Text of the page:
Mubarek Ali: Support for abuse victims 'vital' says NSPCC
A children’s charity today said “everything possible” should be done to support victims of child sexual exploitation.
The NSPCC spoke out as it was revealed that Mubarek Ali, aged 34, one of the ringleaders of a child sex ring in Telford, will be released in November this year, after serving just a quarter of his jail term.
The charity did not comment on the specific case, but said it shared the concerns of Telford MP Lucy Allan over the impact of Ali’s release on his victims.
It said victims need to have the confidence to come forward to prevent future cases and keep more children safe.
The Shropshire Star revealed on Saturday that Ali is likely to be released later this year – just five years into a 22-year sentence.
Ms Allan spoke of her anger at the early release and the fact that his victims, many still living in the area, were not consulted.
Mubarek Ali and brother Ahdel Ali, then of Regent Street, Wellington, were jailed after an eight-week trial.
Ahdel Ali, 27, known as Eddie, was given a 26-year extended sentence – 18 years’ immediate custody with an additional eight-year period on licence after release.
Mubarek Ali, 34, known as Max, was given 22 years, 14 years’ immediate custody and eight years on licence, for seven offences – four of controlling child prostitution, causing child prostitution and two offences of trafficking in the UK for the purpose of prostitution, involving two of the victims. Both men were made the subject of lifelong Sexual Offences Prevention Orders. The gang preyed on girls as young as 12, who were abused during a two-year period between 2007 and 2009.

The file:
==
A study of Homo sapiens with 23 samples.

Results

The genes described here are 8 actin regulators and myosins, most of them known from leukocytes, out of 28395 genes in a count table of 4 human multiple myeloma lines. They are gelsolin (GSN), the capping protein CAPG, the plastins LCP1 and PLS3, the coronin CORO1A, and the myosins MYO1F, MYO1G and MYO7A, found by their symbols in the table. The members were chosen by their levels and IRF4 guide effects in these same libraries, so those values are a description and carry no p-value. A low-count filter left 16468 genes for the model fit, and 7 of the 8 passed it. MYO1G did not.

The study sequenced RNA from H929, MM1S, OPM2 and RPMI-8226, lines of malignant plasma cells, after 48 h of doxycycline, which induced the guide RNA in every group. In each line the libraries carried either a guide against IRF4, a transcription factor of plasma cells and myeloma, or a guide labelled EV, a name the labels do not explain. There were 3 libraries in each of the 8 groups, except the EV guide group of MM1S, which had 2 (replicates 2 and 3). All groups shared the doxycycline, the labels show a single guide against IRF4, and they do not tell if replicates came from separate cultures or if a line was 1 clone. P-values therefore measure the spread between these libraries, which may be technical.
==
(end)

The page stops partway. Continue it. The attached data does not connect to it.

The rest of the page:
Captured as part of Operation Chalice and jailed back in 2013, Mubarek Ali has been told he will be released on licence as early as November. NSPCC today said that for victims to come forward, they need to know that abusers will face the full force of the law.
Adam Burling, an NSPCC spokesman said: “Child sexual exploitation is a pernicious crime that causes unimaginable trauma, so it is vital victims get sustained, long-term support.
“The survivors of this horrendous case showed incredible bravery in speaking out against their abusers, and everything possible must be done to ensure they are helped to move forward with their lives and come to terms with what happened.”
“The fight against child sexual abuse relies on victims having the confidence to come forward in the knowledge they will be listened to and supported – and that abusers will face the full force of the law.”
Anyone concerned about a child can call the NSPCC Helpline, 24/7 in confidence, on 0808 800 5000 and speak to trained counsellors who, if necessary, can take action on their behalf.
Children and young people can contact Childline on 0800 1111 or via childline.org.uk.